Li speed skates his way to victory at national championship 


Joe Lamburn

Sophomore Jaylin Li won a speed skating National Championship on Sept. 19.

Grace Bouzan, Staff Writer

Covering 26.1 miles in just over an hour, sophomore Jaylin Li won a national speed skating championship in September. 

Li’s father, who was a skater himself, began teaching Li to skate when he was just 5 years old. Li is a national champion who competes in inline skating, speed skating, and long distance skating.

Li competes in both marathons (26.1 miles) and half-marathons (13.1 miles) around the skating rink. At age 9, he won his first half-marathon, and at age 11, he won his second. He won his first inline National Championship on Sept. 19 in Duluth, Minnesota. This year, he skated his personal best, completing a marathon at the Championships in 71 minutes.

 “This [National Championship] was the first time I won a full marathon at a junior age,” Li said. “[It] felt pretty exciting. It’s the first time winning a full marathon in my age group. It’s also nothing new since I already won two half-marathons at a younger age.

Li says his training process, which includes a lot of running, is different compared to other speed skaters. 

“Week for week you go [running] long distances,” Li said.”For me, I do hill workouts at Algonquin. I run up the big hill and back down about 10 to 15 times and about four to five times per week.”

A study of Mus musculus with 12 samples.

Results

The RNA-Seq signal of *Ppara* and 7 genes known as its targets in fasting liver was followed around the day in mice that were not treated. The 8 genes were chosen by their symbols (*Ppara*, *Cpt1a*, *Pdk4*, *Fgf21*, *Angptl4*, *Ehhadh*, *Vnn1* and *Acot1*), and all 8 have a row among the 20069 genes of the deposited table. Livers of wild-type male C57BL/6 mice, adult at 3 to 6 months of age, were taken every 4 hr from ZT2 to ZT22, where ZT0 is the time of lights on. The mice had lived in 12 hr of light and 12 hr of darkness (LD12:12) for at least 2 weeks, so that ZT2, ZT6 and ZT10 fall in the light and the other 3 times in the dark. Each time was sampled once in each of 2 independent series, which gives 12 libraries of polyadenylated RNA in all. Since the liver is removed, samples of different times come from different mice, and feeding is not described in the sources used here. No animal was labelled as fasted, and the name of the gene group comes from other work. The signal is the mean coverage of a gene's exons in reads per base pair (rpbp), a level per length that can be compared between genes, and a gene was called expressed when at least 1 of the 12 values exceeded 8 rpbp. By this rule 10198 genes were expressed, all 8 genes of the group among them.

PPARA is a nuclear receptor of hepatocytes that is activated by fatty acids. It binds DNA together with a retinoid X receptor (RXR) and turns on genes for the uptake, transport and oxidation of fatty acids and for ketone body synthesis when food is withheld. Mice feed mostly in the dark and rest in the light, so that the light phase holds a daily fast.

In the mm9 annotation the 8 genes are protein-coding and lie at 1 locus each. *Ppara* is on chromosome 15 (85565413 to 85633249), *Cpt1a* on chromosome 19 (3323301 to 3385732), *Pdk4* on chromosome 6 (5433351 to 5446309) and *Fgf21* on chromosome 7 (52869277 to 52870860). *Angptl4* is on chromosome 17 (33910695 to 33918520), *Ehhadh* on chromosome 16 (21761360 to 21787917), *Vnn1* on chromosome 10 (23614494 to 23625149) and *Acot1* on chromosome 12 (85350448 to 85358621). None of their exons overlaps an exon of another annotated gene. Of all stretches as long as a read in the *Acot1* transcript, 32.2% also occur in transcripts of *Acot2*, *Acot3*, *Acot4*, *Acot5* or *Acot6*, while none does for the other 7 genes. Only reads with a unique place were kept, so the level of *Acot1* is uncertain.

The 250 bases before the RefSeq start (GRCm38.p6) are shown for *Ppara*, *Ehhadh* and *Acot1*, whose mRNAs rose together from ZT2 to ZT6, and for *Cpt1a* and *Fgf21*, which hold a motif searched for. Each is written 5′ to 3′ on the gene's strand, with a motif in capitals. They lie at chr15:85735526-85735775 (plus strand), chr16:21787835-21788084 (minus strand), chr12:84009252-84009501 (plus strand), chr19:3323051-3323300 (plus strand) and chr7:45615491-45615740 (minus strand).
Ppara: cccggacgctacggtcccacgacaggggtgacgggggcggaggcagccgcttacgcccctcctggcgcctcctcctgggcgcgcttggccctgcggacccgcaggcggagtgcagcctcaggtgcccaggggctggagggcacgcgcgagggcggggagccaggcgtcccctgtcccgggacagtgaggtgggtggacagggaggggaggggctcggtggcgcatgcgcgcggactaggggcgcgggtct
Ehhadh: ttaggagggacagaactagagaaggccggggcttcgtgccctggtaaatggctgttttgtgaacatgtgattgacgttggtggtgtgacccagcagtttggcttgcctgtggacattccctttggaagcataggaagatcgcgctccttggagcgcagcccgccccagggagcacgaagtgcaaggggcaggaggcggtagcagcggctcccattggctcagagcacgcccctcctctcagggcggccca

Technique is a big part of skating. If you don’t get the technique right, you basically waste a lot of energy and necessary speed.”

— Jaylin Li, sophomore

Li said one of the hardest things about skating is perfecting technique, which affects overall performance in skating. 

“Technique is a big part of skating,” Li said. “If you don’t get the technique right, you basically waste a lot of energy and necessary speed.”  

Li’s father, Shu Li, taught him the most important techniques in order to succeed in skating. 

“At an early age, he taught me all the techniques I needed to know: enforcing my technique and increasing my endurance,” Li said. “For example, make sure knees are curved in, your back is flat, gaging your core, reducing as much air as possible, while also conserving or saving energy to make it through the whole marathon or race.” 

According to Li, he has certainly faced challenges, especially when he thought the soreness was too much for him, and he wanted to leave the team. However, his dad was there to support him and encourage him to continue speed skating.  

“There was a moment in my career where I wanted to quit because it was so painful,” Li said .“I told my dad I wanted to quit and he replied, ‘Are you sure you want to quit?and I said, ‘Yeah.But then he never let me quit… Same goes with my friend [sophomore] Sitan Zhan too.”

Even though he just won a full marathon, Li is not done yet: he will continue to train and never quit.

“If you make a cut, you might lose the race,” Zhan said. “If you’re too lazy to train, it might cost you the game.”